The discovery has instantly turned the 16th-century Sree Padmanabhaswamy Temple into one of the wealthiest religious institutions in the country, prompting a government move to beef up security around it.
The four vaults already opened in recent days at the temple in Thiruvananthapuram, the capital of the southern state of Kerala, held a vast bounty that unofficial estimates peg at Rs 90,000 crore ($22 billion).
Other treasures unearthed so far include statues of gods and goddesses made of solid gold and studded with diamonds, rubies, emeralds and other precious stones, crowns and necklaces, all given as gifts to the temple over the centuries.
The volume of gold and silver coins was so enormous that the investigators weighed the coins by the sackful, rather than counting them, officials said.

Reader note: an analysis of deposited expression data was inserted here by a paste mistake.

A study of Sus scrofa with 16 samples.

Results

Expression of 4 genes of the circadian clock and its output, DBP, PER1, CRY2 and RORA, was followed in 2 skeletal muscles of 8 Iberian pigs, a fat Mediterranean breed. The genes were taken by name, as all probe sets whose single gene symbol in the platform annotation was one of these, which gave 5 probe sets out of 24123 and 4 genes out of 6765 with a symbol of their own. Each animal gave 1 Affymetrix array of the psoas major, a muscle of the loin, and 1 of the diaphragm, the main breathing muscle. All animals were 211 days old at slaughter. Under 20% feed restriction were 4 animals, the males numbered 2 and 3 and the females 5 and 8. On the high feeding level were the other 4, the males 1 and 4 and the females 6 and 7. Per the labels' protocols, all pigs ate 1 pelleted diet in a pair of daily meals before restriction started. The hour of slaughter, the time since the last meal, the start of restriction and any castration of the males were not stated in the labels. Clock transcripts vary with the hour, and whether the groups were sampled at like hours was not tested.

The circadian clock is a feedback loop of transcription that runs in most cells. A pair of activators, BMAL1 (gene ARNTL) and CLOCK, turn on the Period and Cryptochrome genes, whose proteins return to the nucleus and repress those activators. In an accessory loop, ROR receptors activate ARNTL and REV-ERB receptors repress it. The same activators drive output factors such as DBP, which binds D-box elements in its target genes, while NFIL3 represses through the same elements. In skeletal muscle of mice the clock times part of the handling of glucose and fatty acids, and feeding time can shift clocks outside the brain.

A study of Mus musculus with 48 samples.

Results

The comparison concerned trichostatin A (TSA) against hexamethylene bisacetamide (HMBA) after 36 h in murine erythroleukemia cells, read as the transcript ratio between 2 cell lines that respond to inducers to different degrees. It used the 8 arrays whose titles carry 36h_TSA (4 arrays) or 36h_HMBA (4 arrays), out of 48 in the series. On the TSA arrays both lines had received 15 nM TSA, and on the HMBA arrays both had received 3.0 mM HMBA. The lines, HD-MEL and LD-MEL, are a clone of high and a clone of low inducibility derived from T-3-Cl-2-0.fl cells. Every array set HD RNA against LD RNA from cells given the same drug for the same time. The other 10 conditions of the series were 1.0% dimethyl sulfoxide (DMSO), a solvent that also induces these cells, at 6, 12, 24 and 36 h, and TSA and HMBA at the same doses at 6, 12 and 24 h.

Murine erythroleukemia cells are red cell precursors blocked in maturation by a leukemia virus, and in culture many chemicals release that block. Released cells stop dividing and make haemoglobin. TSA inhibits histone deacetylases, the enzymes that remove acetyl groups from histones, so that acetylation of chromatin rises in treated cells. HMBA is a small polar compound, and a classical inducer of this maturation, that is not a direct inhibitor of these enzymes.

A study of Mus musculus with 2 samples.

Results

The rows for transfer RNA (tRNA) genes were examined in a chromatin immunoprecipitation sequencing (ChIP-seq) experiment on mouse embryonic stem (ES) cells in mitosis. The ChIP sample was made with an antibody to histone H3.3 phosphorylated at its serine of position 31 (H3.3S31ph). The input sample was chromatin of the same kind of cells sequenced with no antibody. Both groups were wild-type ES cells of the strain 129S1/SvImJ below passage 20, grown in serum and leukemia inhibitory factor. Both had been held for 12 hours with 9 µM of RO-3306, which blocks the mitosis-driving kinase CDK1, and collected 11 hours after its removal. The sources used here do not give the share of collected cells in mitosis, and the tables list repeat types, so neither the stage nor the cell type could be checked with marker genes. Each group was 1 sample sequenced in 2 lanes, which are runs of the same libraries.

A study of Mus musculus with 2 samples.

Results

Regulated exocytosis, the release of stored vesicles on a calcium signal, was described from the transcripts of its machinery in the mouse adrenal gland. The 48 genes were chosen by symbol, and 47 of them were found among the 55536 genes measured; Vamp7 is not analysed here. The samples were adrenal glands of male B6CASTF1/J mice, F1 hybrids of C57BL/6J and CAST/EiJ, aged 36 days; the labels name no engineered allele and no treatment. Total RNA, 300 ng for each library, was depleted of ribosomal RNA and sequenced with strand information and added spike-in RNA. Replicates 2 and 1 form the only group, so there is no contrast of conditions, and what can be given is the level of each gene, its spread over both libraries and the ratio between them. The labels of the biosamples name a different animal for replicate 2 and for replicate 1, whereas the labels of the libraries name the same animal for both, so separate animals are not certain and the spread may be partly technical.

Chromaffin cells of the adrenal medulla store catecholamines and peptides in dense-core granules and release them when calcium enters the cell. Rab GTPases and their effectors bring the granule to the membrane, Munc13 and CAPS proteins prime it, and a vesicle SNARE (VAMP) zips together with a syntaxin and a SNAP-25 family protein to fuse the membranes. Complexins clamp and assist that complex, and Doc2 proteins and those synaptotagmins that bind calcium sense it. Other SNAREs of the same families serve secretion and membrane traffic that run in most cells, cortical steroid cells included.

The temple, built by the maharajas who ruled the then-kingdom of Travancore, remained under the control of the erstwhile royal family after India's independence in 1947.
India's Supreme Court ordered the inspection of the vaults after a lawyer petitioned a local court asking the state government to take over the temple, citing inadequate security.
The operation began last week and the final vaults were to be unlocked Monday.
Before the trove was uncovered, there was almost no visible security at the temple, save for a few local security guards patrolling the complex with batons, mainly for crowd control.
Kerala's police chief, Jacob Punnoose, said he sent extra police officers to guard the temple and is planning a high-tech security system to protect the treasure.
"We plan to enhance security in a manner which will not interfere with the activities of the temple or devotees," Punnoose said.
The security plans include the installation of digital electronic networks, closed circuit cameras and metal detectors at the entrance and exits of the temple.